In 1838, Marion Munroe was returning home, on horseback, to Clinton County from visiting friends in Mason. She and a sister went along an Indian Trail by the Grand River. They stopped for lunch in the woods just about where the Turner-Dodge House now stands. Marion loved the spot and the fine view and said that when she was married she might one day make her home there. The dream was fulfilled and early histories say "there is no more pleasant a site for a home in Ingham County, overlooking, as it does, a long sweep of beautiful river and a broad scope of cultivated country in all direction." Even after she sold the house to her daughter and son-in-law, she lived there until her death in 1912.
The story began with one last glance at the tiny village of Mason, when Marion Turner climbed into the wagon. Leaving Mason in 1847 for the new town called Michigan, Michigan, later renamed Lansing, would not be easy, but this wasn't the first time she or her husband, James, had pioneered a new land.
Marion was 18 when her father, Jesse Munroe, moved his family from New York to carve out a homestead from the forests and swamps of the Michigan Territory in Clinton County. The story of their travels is told elsewhere on this website.
James was just 14 when his family immigrated from Cazenovia, New York, to Washtenaw County, Michigan. After his father's death in 1836, James began clerking at the store of a former Cazenovia neighbor residing in Jacksonburgh (Jackson). In exchange for James' services, the owner provided room, board and tuition in the village school.
James Turner soon earned a reputation for honesty. He was as likely to point out a product's shortcomings as its virtues, and in 1840, James was sent with H. H. Smith to open a store in the growing village of Mason. Their business prospered and the two eventually bought the store.
On October 1, 1843, James married Marion Munroe, a young school teacher. Four years later, news of Michigan's state capital moving from Detroit to Michigan prompted them to throw their lot in with the future of the new capital city, twelve miles north of Mason.
James' older brother, Richard, helped construct a home for them on Turner Street, two blocks north of Franklin Street, now Grand River Avenue. James and Marion Turner are best known for their second home, completed in 1858 at 100 East North Street. At the turn of the century, the Turners' daughter and son-in-law, Abigail and Frank Dodge, greatly enlarged the house and changed its style, but careful inspection reveals the outline of the older Greek Revival home.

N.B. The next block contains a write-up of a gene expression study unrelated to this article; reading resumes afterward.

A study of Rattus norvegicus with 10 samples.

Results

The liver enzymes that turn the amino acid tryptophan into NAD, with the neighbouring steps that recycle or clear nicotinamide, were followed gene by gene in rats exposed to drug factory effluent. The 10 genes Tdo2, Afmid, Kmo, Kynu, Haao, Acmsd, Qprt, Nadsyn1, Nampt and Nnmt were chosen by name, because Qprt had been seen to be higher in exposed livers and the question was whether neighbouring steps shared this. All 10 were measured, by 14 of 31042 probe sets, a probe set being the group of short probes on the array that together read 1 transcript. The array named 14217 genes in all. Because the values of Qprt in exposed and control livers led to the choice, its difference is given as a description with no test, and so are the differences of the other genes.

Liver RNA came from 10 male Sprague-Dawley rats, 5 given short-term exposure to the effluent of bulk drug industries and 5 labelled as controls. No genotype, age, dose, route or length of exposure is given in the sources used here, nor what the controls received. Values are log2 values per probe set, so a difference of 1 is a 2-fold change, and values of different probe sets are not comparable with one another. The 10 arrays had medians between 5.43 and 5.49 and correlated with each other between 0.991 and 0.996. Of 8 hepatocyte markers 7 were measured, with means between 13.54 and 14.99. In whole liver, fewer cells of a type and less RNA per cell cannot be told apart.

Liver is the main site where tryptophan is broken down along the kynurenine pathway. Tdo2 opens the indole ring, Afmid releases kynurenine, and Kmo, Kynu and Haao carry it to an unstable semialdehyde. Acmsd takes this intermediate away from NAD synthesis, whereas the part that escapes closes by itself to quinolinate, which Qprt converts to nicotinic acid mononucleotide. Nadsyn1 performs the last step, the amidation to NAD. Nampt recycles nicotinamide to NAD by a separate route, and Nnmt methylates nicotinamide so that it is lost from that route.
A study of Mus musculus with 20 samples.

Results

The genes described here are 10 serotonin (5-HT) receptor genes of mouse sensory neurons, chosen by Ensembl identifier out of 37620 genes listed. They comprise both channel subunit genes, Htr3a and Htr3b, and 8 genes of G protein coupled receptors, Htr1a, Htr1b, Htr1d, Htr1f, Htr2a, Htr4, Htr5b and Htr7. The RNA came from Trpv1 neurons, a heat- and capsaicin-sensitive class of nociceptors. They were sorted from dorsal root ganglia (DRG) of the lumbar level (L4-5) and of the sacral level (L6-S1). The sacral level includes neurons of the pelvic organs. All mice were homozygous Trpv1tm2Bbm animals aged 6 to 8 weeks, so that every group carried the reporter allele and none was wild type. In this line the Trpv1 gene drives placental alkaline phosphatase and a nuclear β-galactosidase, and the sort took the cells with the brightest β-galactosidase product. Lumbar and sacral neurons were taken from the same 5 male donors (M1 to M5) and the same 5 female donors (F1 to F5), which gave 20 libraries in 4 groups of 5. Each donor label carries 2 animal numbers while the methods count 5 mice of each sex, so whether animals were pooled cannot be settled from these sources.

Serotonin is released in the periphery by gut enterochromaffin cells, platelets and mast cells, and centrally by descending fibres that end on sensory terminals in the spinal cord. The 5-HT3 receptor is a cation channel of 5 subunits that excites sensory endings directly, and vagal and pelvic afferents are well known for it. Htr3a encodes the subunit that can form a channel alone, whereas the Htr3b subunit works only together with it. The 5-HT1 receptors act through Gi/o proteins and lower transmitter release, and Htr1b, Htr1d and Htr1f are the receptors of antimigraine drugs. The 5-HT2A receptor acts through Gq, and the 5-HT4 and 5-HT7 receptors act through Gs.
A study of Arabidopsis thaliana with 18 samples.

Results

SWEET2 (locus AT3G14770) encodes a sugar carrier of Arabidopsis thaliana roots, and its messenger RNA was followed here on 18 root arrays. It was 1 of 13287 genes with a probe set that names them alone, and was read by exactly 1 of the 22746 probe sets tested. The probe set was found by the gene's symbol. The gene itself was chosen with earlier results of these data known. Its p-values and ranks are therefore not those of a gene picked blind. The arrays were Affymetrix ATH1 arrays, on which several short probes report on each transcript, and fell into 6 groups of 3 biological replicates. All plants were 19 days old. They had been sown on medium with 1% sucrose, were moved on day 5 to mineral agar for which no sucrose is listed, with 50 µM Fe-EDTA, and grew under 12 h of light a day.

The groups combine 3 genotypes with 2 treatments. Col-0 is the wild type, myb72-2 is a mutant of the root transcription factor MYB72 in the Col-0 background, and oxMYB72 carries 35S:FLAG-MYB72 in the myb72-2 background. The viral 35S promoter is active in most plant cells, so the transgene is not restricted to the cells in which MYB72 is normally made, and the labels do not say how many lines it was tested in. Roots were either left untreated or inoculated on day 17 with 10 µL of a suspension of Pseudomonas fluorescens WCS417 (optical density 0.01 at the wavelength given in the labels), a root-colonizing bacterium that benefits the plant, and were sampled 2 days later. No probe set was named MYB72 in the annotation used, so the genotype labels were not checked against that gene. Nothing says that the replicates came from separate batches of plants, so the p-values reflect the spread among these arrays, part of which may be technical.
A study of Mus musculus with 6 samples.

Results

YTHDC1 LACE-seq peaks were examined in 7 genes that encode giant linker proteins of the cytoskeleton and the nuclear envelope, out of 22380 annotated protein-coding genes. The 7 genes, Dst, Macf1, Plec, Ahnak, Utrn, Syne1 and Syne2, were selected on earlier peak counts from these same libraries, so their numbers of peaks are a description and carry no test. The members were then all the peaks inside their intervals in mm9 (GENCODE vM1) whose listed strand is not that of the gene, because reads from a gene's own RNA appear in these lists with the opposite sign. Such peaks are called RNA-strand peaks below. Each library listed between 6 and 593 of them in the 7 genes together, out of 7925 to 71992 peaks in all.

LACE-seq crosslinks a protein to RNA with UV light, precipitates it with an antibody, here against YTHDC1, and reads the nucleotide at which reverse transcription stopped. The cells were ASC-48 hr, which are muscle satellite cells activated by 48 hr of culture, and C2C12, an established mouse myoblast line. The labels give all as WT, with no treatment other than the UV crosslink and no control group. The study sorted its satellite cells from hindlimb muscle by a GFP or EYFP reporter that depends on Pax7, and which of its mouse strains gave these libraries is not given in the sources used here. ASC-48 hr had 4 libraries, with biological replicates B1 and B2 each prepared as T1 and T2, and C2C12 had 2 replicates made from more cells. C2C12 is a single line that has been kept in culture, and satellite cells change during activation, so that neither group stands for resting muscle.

James Turner's first business in Lansing was a mercantile store at the corner of Center Street and Franklin in a hotel called the Seymour House. He also speculated in real estate and, as an agent for James Seymour, bought and sold land all over Ingham County and beyond. With partners, he built a foundry near the dam where Clark Hill law firm is now located.
He knew that transportation was the key to transforming Lansing into a major city, and in 1855, he contracted for construction of the plank road from Lansing to Howell to Turner Street, Smith and Seymour. As treasurer and manager of the company, Turner secured the capital needed to complete the road. In 1864, he initiated a rail line from Jackson, serving as treasurer and land commissioner for the Jackson, Lansing, and Saginaw Railroad until his death.
Turner was active in politics, a supporter of abolition and associated with the Whigs who helped found the Republican Party which was formed in Jackson, Michigan in 1854 to oppose slavery. James Turner was on the convention nominating committee. Turner's financial ability earned him an appointment in 1860 as Deputy State Treasurer. From 1867-1868 he served as a Senator from the 21st district (Clinton and Ingham counties), figuring prominently in railroad legislation as a member of the finance committee. Ten years later his son, James M. Turner, served a term as a member of the House of Representatives.
Turner was reported to be a friend to all, including Chief Okemos, the leader of an Indian tribe living in the area. He was also entrusted with financial investments for several groups and societies, including the Society of Shakers.
Turner was a staunch supporter of education, both religious and secular. In 1850, he became superintendent of the Sabbath School for the Methodist Episcopal Church. In 1851, he was elected to the newly formed Lansing Board of Education. He was a generous supporter of the Michigan Female College, opened in 1855 by Misses Abigail and Delia Rogers, later the home of the Michigan School for the Blind.
Turner's death of typhoid on October 12, 1869, was a loss to the whole community. Marion continued to participate in Central Methodist Church, where in 1890 she gave a stained-glass window as a memorial to James. She also continued her work in the county and state Pioneer Societies, and her house was the social center of Lansing. Later a stain glass window was dedicated to Marion Turner at the Central Methodist Church, now the Temple Club on Grand River in Old Town at Grand River.
Even after she sold the house to Abigail and Frank, it remained her home until her death in 1912. "Grandma Marion's room," added to the second floor during the renovation, became a favorite place for her grandchildren to spend the afternoon sipping tea and listening to exciting tales of pioneer days.
With thanks to Ron Turner, Jacquie Sewell, Rick Cantwell, Joan Sheldon, and Linda Peckham.